Date: May 2015
Originally Published: NY Daily News
New York City is in a dire housing crisis, one that must be attacked before our rent laws expire next month. It’s the government’s job — and in this case the governor’s personal responsibility — to ensure that thousands of New Yorkers do not see their rents rise excessively or lose their protection against arbitrary evictions.
If Albany does nothing, rent control laws will expire completely on June 15. That would be a disaster.
If the Legislature and governor simply keep our current rent laws in place, the city’s current slow-motion affordability crisis will continue: Countless families could be displaced — many of whom would enter an overcrowded, underfunded homeless shelter system.
What we need is robust new laws that protect renters from the flaws in the current regulation regime.
The clock is ticking. Yet we’re nowhere close to getting a law passed.
This month, during a march across the Brooklyn Bridge, our city sent a clear message to Albany: The status quo of rapidly rising rents is seeing thousands upon thousands of New Yorkers forced out of their increasingly unaffordable neighborhoods. Rent laws cannot expire, and simply extending them would be a major loss for tenants. At a time when 600,000 households are spending more than 50% of gross income on rent and utilities, we need bolder action — along the lines that the mayor, supported by the New York City Council and a number of tenants’ rights advocacy groups, has pressed.
The state Assembly, led by Speaker Carl Heastie, has done its part, passing wise legislation that would not only keep rent regulations for another four years, but would close some dangerous loopholes in the system. Closely tracking recommendations made by Mayor de Blasio, it would additionally repeal a provision that allows apartments with monthly rents of at least $2,500 to become decontrolled when they become vacant.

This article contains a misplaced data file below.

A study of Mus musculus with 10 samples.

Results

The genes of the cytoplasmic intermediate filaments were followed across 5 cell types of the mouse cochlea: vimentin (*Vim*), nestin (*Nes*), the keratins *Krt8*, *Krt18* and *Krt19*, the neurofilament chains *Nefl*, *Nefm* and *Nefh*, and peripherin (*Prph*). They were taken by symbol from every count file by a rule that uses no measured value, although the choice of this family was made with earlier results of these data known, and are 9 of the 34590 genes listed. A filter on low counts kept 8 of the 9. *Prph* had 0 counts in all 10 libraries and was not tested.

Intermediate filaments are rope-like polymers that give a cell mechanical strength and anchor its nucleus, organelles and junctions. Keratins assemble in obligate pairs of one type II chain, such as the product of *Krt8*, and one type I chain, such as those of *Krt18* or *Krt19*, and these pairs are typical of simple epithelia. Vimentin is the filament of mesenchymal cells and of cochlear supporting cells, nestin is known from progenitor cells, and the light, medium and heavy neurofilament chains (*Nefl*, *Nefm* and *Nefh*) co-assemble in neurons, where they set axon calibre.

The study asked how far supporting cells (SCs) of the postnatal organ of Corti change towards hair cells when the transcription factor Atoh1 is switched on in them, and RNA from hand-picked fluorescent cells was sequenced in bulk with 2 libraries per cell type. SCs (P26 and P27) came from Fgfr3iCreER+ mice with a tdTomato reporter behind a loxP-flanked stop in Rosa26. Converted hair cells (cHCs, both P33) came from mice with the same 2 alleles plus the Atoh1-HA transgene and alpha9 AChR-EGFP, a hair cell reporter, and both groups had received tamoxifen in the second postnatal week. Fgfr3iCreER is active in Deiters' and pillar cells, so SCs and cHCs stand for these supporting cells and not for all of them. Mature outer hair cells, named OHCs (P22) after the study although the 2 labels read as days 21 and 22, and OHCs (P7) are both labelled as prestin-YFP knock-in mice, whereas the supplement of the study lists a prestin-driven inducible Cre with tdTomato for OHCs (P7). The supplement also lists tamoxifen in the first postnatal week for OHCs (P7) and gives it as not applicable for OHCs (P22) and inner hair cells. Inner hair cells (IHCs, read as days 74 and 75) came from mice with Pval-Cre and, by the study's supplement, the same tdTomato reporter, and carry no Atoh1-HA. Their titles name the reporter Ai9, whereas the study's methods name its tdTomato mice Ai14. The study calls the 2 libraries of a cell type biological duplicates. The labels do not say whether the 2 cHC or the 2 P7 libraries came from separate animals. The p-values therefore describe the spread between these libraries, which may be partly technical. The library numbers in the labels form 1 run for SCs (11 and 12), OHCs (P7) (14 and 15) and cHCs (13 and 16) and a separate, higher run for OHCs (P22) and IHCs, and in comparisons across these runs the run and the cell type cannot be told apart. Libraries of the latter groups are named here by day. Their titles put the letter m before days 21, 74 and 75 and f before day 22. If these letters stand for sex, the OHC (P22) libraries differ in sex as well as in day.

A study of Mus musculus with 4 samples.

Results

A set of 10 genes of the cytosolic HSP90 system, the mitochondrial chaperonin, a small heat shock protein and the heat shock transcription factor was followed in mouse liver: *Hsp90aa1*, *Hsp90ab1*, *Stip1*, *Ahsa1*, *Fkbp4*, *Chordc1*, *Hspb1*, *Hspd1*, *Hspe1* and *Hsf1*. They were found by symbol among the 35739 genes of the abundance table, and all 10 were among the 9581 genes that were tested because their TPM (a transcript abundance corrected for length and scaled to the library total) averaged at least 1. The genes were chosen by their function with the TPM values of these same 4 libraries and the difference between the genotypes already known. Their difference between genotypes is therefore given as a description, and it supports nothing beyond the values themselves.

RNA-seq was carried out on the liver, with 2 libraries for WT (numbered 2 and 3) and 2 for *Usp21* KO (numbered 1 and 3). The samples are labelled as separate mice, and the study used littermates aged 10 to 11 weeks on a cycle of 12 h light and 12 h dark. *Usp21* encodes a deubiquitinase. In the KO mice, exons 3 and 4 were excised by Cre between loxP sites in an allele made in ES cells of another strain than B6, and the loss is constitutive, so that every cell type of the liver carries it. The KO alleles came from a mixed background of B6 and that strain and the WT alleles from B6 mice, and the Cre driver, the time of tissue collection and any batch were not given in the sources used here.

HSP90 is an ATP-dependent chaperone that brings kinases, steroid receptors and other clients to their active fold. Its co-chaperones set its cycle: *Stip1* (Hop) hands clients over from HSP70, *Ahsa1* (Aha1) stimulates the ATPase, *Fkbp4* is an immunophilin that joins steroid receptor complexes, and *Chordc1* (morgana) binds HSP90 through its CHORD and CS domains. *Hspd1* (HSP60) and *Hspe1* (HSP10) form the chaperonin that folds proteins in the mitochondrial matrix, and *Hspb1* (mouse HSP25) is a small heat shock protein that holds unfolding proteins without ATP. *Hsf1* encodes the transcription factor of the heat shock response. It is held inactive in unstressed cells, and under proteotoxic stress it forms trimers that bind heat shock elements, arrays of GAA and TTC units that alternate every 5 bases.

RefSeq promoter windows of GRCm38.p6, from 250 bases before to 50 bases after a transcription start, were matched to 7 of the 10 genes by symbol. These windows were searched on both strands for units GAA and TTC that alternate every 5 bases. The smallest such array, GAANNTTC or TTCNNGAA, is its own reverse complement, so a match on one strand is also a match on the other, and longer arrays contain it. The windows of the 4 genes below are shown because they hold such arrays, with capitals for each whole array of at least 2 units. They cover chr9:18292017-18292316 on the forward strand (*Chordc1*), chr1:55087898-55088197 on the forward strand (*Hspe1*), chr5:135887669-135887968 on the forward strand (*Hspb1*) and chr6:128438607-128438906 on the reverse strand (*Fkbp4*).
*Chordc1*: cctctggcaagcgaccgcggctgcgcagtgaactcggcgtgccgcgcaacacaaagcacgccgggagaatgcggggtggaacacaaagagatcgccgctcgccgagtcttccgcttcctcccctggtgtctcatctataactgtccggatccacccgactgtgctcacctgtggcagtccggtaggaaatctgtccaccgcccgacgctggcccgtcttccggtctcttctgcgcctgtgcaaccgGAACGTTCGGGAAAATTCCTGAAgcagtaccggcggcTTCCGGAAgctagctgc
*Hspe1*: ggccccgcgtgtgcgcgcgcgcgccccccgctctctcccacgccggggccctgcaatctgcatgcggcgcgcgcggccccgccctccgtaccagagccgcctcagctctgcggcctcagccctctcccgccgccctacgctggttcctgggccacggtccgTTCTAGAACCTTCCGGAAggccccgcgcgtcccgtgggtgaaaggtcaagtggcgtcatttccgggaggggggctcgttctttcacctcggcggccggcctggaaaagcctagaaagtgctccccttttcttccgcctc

But given the Senate’s entrenched ideological resistance, combined with turmoil in the wake of the arrest of former Majority Leader Dean Skelos, it is looking unlikely that the state’s other legislative house will act.
It falls to Cuomo to pressure the Senate to not only renew but strengthen the laws. At the very least, the Senate should pass the Assembly bill. Ideally, we should go further: Banning automatic rent hikes upon vacancy and taking a hard line to prevent landlords from exploiting other provisions in the current law that let them substantially hike rents when they make capital improvements in between tenants.
What can Cuomo do? To begin with, he must take a stand — and say where he is on the current debate, ideally endorsing the mayor’s reforms. Then, he should use the bully pulpit to goad the Senate into making change happen.
Finally, there’s an elephant in the room that everybody in New York City knows about but Albany has failed to address. What we define as “affordable” under current law — which comes into play with many housing programs designed to help the working and middle class — isn’t actually affordable for a majority of New Yorkers. The area median income for many units on the market today does not come close what some of our neediest households make, so Albany must redefine what affordable means in New York City.
A steady stream of corruption scandals might give New Yorkers the impression that Albany is controlled by the luxury real estate industry, which is opposed to all these rent reforms. The governor can show his independence from luxury developers — including those who have donated massive sums to his own campaign accounts — by taking leadership in the fight for renters.